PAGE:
Officials hope that an "unofficial" data science marker for federal jobs could help both with recruitment of new federal workers as well as improve evidence-based policymaking and data management efforts.
Officials at the Office of Personnel Management last week announced a new initiative to improve data management and implement evidence-based policy making across the federal government: establishing a “data scientist” job title for a variety of positions and employees.
In a June 27 memorandum to agency human resources directors, OPM Associate Director for Employee Services Mark Reinhold said agencies may now may add data science titles to a number of positions within their organizations, as part of a broader effort to establish the role of chief data officers and their support staff.
“Data scientist work is multifaceted and requires talent from interdisciplinary backgrounds,” Reinhold wrote. “Data scientists are defined as practitioners with sufficient knowledge in the areas of business needs, domain knowledge, analytical skills and software and systems engineering to manage the end-to-end data processes in the data life cycle.”
OPM has already found that the data science tag could apply to jobs within a number of existing federal job types, including epidemiology, actuarial sciences, operations research, statisticians and IT specialists. Although the federal government’s system for classifying jobs at agencies is locked in through federal law and regulations, Reinhold wrote that agencies can add “unofficial” titles to positions.
“The requirement to use official titles, however, does not preclude agencies from using any unofficial title they choose for positions,” he wrote. “Unofficial titles (such as those relating to specific agency organizations or programs) are appropriate and may be helpful for internal agency use or for recruiting purposes.”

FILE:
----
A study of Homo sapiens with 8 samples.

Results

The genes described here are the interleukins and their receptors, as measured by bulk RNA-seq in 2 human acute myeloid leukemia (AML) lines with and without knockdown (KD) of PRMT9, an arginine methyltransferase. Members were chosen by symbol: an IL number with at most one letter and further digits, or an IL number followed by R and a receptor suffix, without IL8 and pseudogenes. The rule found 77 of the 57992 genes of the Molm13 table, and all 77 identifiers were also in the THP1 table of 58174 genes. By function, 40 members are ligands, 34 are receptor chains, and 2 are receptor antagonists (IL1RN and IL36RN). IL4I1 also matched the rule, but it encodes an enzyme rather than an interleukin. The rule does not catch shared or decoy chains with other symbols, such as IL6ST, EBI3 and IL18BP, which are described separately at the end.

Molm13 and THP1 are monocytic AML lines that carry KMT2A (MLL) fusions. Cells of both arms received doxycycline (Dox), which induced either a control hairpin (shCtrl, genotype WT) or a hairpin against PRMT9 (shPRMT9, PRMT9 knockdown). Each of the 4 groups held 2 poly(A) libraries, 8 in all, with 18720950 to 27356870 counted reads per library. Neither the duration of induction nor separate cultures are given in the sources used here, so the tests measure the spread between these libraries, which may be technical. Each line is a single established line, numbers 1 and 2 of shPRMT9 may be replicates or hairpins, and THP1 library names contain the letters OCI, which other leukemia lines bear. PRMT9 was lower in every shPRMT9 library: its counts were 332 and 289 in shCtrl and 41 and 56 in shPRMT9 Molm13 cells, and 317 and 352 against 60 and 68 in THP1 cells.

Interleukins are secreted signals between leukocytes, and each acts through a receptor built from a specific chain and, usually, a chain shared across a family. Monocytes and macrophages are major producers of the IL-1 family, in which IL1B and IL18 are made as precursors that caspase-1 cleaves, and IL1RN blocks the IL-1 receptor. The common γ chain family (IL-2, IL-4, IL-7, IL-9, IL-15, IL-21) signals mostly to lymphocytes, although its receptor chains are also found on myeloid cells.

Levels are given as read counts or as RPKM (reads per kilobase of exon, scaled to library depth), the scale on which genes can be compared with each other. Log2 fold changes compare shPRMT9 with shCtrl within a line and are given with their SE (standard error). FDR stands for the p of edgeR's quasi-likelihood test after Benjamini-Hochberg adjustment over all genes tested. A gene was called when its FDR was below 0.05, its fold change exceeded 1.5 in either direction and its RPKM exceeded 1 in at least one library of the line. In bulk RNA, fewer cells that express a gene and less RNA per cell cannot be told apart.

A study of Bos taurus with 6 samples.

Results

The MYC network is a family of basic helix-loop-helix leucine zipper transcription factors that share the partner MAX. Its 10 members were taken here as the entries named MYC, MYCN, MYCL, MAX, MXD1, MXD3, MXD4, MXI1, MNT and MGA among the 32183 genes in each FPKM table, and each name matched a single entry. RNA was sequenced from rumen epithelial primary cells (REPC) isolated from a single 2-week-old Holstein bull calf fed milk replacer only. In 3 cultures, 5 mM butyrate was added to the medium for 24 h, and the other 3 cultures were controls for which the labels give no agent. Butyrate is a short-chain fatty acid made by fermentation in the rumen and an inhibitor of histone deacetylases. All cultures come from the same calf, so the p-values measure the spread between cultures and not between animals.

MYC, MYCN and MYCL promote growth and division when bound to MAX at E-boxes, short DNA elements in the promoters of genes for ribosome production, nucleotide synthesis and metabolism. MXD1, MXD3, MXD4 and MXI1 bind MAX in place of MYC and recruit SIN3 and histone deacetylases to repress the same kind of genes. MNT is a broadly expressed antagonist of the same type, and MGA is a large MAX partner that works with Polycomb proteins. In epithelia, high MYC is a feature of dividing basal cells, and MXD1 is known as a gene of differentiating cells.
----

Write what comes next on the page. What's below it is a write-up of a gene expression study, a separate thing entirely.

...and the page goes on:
Jobs that could be given a data science title involve data analysis, analytical applications, big data and algorithms, among other fields, Reinhold wrote.
OPM said officials hope that by working to find which jobs throughout the government deal with data science, the unofficial classification can both improve establishment of chief data officers and further the goals of the 2018 Evidence-Based Policymaking Act and the president’s management agenda. Reinhold wrote that since data science is a “rapidly changing” field, agencies should be flexible and continuously monitor how positions interact with data science.
“This guidance authorizes agencies to use a parenthetical of (Data Scientist) along with the occupational title for positions that perform data science work as a major portion of the job, and not as a collateral duty, for example Statistician (Data Science),” Reinhold wrote. “[OPM] will take an evidence based approach to determine if additional flexibilities are needed. OPM encourages Human Resources offices to collaborate with your [chief information officer] organizations and data scientist managers on job design and titling of data scientist positions.”